Bush, Jiang draw closer to their divide

HONG KONG -- It is ironic that both Washington and Beijing consider the 30-hour visit to China by U.S. President George W. Bush a great success. After all, neither party got what it wanted most from the other. The United States did not get the antiproliferation agreement it wanted from China and the Chinese did not get the sympathy they wanted regarding their position on Taiwan.

In fact, Bush, perhaps surprisingly, went out of his way to declare America's commitment to the defense of Taiwan. He did not once mention the three Sino-American joint communiques in public, something that had become a ritual for visiting American presidents. Indeed, he virtually humiliated his Chinese hosts by affirming his support for the Taiwan Relations Act, a domestic American law under which the United States pledged to help Taiwan defend itself.

While speaking at Tsinghua University, Bush was asked whether the U.S. still abided by the three Sino-American communiques. The American president said, "When my country makes an agreement, we stick with it," and then, rather surprisingly, cited not the communiques but the Taiwan Relations Act, which was not an international agreement at all.

One student pointed out that Bush always talked about a "peaceful resolution" of the dispute between mainland China and Taiwan, but never used the term "peaceful reunification." That was an astute observation, especially since, just the previous day, Bush had voiced support for a reunified Korea.

The Chinese leadership has clearly made a strategic decision to maintain good relations with the U.S. at almost any price. It swallowed hard and declared that the visit would "give new impetus to the improvement and development of the Sino-U.S. relationship," in the words of the Chinese ambassador to Washington, Yang Jiechi.

Actually, the visit probably did lay the groundwork for a more stable and cooperative U.S.-China relationship. Chinese President Jiang Zemin made it clear that Beijing desires closer ties with Washington at virtually all levels. And, it seems, the U.S. was amenable to this idea. As Condoleeza Rice, Bush's national security adviser, said, there will now be a "deepening of the relationship at various levels."

Evidently, the Bush administration, too, has decided that it is in the strategic interests of the U.S. to strengthen ties with China. Beijing, after all, can be helpful not only in the war against terrorism, but in many other areas as well.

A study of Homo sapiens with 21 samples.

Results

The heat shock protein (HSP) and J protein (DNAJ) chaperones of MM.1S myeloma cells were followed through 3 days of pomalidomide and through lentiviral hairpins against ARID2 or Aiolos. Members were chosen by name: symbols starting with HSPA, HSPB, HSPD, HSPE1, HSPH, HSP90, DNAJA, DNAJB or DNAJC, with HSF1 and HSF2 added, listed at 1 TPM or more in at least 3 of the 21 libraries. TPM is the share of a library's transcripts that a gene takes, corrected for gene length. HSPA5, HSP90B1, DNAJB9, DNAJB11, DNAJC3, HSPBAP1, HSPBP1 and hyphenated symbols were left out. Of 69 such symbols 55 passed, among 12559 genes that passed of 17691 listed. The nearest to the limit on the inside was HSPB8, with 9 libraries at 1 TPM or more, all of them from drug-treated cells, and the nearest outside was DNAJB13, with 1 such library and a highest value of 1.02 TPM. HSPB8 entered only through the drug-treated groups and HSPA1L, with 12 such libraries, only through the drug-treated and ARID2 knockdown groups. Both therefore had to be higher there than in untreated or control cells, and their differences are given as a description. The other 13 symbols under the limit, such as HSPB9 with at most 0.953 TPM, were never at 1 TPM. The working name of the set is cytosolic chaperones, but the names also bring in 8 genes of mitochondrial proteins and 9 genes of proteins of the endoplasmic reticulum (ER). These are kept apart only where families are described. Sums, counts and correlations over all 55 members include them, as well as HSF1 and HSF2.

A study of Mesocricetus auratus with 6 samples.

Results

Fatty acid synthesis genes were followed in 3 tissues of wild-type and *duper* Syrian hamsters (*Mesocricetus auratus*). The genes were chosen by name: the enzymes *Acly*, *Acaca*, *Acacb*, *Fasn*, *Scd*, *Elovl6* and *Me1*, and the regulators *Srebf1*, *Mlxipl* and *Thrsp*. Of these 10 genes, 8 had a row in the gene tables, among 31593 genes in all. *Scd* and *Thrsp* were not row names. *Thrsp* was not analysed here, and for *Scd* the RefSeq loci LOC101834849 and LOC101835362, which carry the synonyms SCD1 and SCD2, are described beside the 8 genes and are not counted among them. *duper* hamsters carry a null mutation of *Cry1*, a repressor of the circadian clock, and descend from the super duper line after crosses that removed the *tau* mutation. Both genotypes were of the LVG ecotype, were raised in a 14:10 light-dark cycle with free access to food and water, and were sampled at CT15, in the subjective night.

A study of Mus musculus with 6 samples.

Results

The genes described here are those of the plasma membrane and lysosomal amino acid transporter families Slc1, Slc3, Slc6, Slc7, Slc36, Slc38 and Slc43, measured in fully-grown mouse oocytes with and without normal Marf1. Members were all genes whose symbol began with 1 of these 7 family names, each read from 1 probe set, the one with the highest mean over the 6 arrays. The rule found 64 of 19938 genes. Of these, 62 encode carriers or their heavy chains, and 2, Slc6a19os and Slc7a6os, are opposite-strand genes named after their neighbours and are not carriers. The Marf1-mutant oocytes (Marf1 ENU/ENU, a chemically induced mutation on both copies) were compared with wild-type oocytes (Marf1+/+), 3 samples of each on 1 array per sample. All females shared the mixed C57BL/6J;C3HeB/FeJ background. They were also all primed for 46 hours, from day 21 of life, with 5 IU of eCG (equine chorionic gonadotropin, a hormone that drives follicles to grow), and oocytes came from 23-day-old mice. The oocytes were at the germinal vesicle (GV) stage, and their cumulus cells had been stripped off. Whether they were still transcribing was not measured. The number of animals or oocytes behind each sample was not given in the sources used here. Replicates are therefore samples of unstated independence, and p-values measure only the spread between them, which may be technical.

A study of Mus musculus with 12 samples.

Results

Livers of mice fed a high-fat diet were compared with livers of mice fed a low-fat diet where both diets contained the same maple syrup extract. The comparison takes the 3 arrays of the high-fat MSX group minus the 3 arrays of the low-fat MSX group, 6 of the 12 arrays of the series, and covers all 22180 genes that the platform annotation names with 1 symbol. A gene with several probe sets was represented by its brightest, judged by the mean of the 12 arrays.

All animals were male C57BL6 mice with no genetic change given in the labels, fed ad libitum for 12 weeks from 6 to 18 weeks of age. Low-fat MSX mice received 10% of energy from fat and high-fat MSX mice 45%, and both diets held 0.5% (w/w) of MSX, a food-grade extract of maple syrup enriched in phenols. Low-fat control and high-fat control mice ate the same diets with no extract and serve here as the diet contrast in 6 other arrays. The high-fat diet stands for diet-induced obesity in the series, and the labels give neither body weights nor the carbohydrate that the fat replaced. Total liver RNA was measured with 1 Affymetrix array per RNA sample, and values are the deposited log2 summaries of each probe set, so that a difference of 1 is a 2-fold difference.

This positive evaluation of China is probably due, at least in part, to Bush's personal belief that China has made fantastic progress in the last quarter century, and is likely to be transformed even further in the coming years. Bush was clearly impressed by achievements made by the Chinese since 1975, when he visited the country as a young man while his father was the U.S. envoy in Beijing.

"I was here in 1975," he said at Tsinghua. "It is an amazing transformation." For instance, he said, "in 1975, everybody wore the same clothes. Now, people pick their own clothes. Recognizing the desires of the individual in the marketplace is part of a free society. It is a part of the definition of freedom. And I see that as the most significant change that I can see, besides the new buildings and all the construction."

So struck was he by the changes China has undergone that, when he climbed the Great Wall -- for the second time since 1975 -- Bush remarked, "Same wall, different country."

And so enthusiastic was Bush of a changing China that he declared, in his Tsinghua speech: "America welcomes the emergence of a strong and peaceful and prosperous China." This statement, aimed at reassuring Beijing that the U.S. wished China well and did not want to keep it down, was undoubtedly silently applauded in Beijing, though it is likely to be controversial within certain quarters in Washington, including supporters of the Republican administration.

Still, both Bush and Jiang acknowledged that there were serious differences between their countries. While China wants to be reunified with Taiwan, by force if necessary, Bush made known his support only for "a peaceful resolution." And when Jiang was asked if he supported the use of "all necessary means" to bring about the American goal of a regime change in Iraq, the Chinese leader replied, "the most important thing is that peace be valued most."

In his Tsinghua speech, which was broadcast live, Bush tried to bridge the cultural and values gap between the U.S. and China. Each of his sentences was rendered into Chinese by his interpreter. However, when Bush concluded his remarks by saying: "Listen, thank you for letting me come, God bless you all," she was clearly stumped. She faithfully translated the first part of the sentence but didn't even attempt to translate the second.

Chinese simply don't go around saying "God bless you," something that is almost second nature to Bush. Her inability to put into Chinese something that the American president probably says half a dozen times a day speaks volumes of the gulf that still divides the two societies.

Frank Ching is a Hong Kong-based journalist and commentator.